After 20 minutes traipsing around the Natural History Museum, my mind began to wander towards the pub.
Two hours later, with my legs about to buckle beneath me, I literally stumbled across the Zetland Arms in South Kensington. I was gasping for a pint.
In a semi-delirious state I jostled past punters stood outside this boozer and found the place awash with colour.
The vibrant red-painted ceiling was barely visible under a layer of flags of the nations competing in the summer’s big footy tournament.
This part of London is awash with cash too, and that’s certainly reflected in some of the Zetland’s clientele.
I edged towards the bar bumping my cheap old man-bag into posh people who I suspect have names such as Tarquin, Octavia, Marmaduke and Cressida, all of whom had the obligatory quiff and smug smile you’d expect from polo-loving members of the aristocracy.
After a short wait, I placed my order of Thwaites Wainwright with the barmaid.
As pleasant and well presented as she was, the lass was as deaf as my old Auntie Morag, who just happens to be about the last woman left on the planet who still uses an ear trumpet.
I had to repeat my order three times before this female Harry Potter look-a-like scurried off to pour my pint.
She soon returned to tell me that the ale, named after legendary Lake District author and walker Alfred Wainwright, would set me back £3.80.
Although the price was approaching the £4 mark, I didn’t think that was too bad considering the amount of money that’s sloshing around these parts. Aristocratic ale lovers certainly wouldn’t think twice about paying £5 for a pint.
When it finally arrived, the beer was worth the wait. Wainwright (4.1%) is a lovely golden ale with bubbles that aren’t too intrusive. It’s refreshing and certainly goes down well on a blazing hot summer’s day.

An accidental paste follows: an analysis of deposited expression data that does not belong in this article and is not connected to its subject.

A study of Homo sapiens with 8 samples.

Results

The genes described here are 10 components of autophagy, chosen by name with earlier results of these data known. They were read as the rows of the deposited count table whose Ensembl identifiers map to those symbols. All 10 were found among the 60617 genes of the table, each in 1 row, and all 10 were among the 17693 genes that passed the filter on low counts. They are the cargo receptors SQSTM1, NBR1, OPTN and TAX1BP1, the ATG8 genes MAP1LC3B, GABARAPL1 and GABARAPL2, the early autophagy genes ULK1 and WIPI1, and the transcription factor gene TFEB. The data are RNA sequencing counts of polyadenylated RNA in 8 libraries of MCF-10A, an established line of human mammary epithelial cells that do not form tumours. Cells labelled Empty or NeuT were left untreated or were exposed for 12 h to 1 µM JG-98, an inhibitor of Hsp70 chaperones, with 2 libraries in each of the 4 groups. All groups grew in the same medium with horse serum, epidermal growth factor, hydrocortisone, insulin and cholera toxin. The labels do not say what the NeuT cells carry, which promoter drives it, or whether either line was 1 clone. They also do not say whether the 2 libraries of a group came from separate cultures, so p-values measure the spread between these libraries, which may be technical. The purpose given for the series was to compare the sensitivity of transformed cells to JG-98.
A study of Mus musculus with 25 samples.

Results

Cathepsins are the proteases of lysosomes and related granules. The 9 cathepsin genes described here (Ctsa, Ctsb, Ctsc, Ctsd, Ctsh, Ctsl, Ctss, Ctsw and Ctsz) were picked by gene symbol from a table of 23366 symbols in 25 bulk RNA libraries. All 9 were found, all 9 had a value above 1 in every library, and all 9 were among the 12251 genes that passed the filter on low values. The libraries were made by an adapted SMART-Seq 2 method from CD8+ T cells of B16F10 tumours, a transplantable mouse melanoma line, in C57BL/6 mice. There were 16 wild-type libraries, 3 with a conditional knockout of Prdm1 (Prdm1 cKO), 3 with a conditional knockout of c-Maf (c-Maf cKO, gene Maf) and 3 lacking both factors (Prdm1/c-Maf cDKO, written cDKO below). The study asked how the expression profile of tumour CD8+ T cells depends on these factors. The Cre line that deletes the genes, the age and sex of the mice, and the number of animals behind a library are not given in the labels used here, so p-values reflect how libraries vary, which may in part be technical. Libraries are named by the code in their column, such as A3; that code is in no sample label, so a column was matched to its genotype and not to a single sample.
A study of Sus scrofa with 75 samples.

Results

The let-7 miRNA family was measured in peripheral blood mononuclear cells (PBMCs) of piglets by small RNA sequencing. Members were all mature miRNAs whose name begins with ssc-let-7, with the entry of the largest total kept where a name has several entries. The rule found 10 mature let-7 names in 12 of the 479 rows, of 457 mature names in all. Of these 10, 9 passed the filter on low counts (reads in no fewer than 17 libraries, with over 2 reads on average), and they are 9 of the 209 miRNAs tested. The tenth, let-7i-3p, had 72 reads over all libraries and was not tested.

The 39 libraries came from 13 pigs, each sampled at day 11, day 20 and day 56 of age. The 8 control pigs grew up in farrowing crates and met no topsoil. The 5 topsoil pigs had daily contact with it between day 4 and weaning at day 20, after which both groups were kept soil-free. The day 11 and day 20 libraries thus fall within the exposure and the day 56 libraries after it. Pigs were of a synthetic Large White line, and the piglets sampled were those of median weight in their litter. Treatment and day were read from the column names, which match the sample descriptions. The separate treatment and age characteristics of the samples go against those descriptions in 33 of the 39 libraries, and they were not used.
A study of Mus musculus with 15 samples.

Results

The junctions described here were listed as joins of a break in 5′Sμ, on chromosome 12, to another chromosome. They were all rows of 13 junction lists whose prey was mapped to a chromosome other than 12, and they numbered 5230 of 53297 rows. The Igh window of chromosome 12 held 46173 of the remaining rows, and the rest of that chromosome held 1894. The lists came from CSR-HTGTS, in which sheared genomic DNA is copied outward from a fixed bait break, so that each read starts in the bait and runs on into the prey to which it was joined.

The Zetland doesn’t only attract rich locals through its doors. Students from nearby Imperial College mingle with tired tourists, frazzled after visiting either the Science, V&A or the Natural History museums, all of which are located just around the corner.
Throw in a liberal dose of painters, decorators, plumbers and plasterers – rich ones, of course – and all these diverse groups make for a lively atmosphere.
Flags and football adornments aside, the pub has got plenty of booths, seats, stools and high tables at which you and your pals can laugh at Cressida’s 1980s-style pleated skirt or Marmaduke’s monocle and cane combo.
But be warned, it can get pretty busy at the bar, so be prepared to stick your elbows out and stand your ground.
There is music in the background but it’s usually drowned out by the sound of banter and laughter, and on hot summer’s evenings punters spill out on to the pavement.
The Zetland, with its pretentious punters and pricey pints, may not be everyone’s cup of tea, but it’s location near to the museums, college, tube stop and fancy eateries make it a pretty handy port of call for common people like me who just want some liquid refreshment.
THE INNSPECTRE’S SUMMARY
ADDRESS: THE ZETLAND ARMS, 2 Bute Street, Kensington, London, SW7 3EX.
ATMOSPHERE **** Lively, thanks to a good mix of people and constant flow of fresh faces.
DECOR: **** Bright and beautiful, even with the tacky flags. There are some lovely bright stained-glass lampshades above the bar too.
PRICE: *** £3.80 for my pint of Wainwright. It’s a lovely pint, ideal for summer. However, the price is not so lovely.
SELECTION: *** I saw four beers on tap, although one was off on my visit.
SERVICE: *** Staff needed eyes in the back of their heads, such was the demand for booze. Once my barmaid understood what in the blue blazes I was ordering, she was pretty helpful.
ANY OTHER BUSINESS: The Zetland has an upstairs function room available to hire.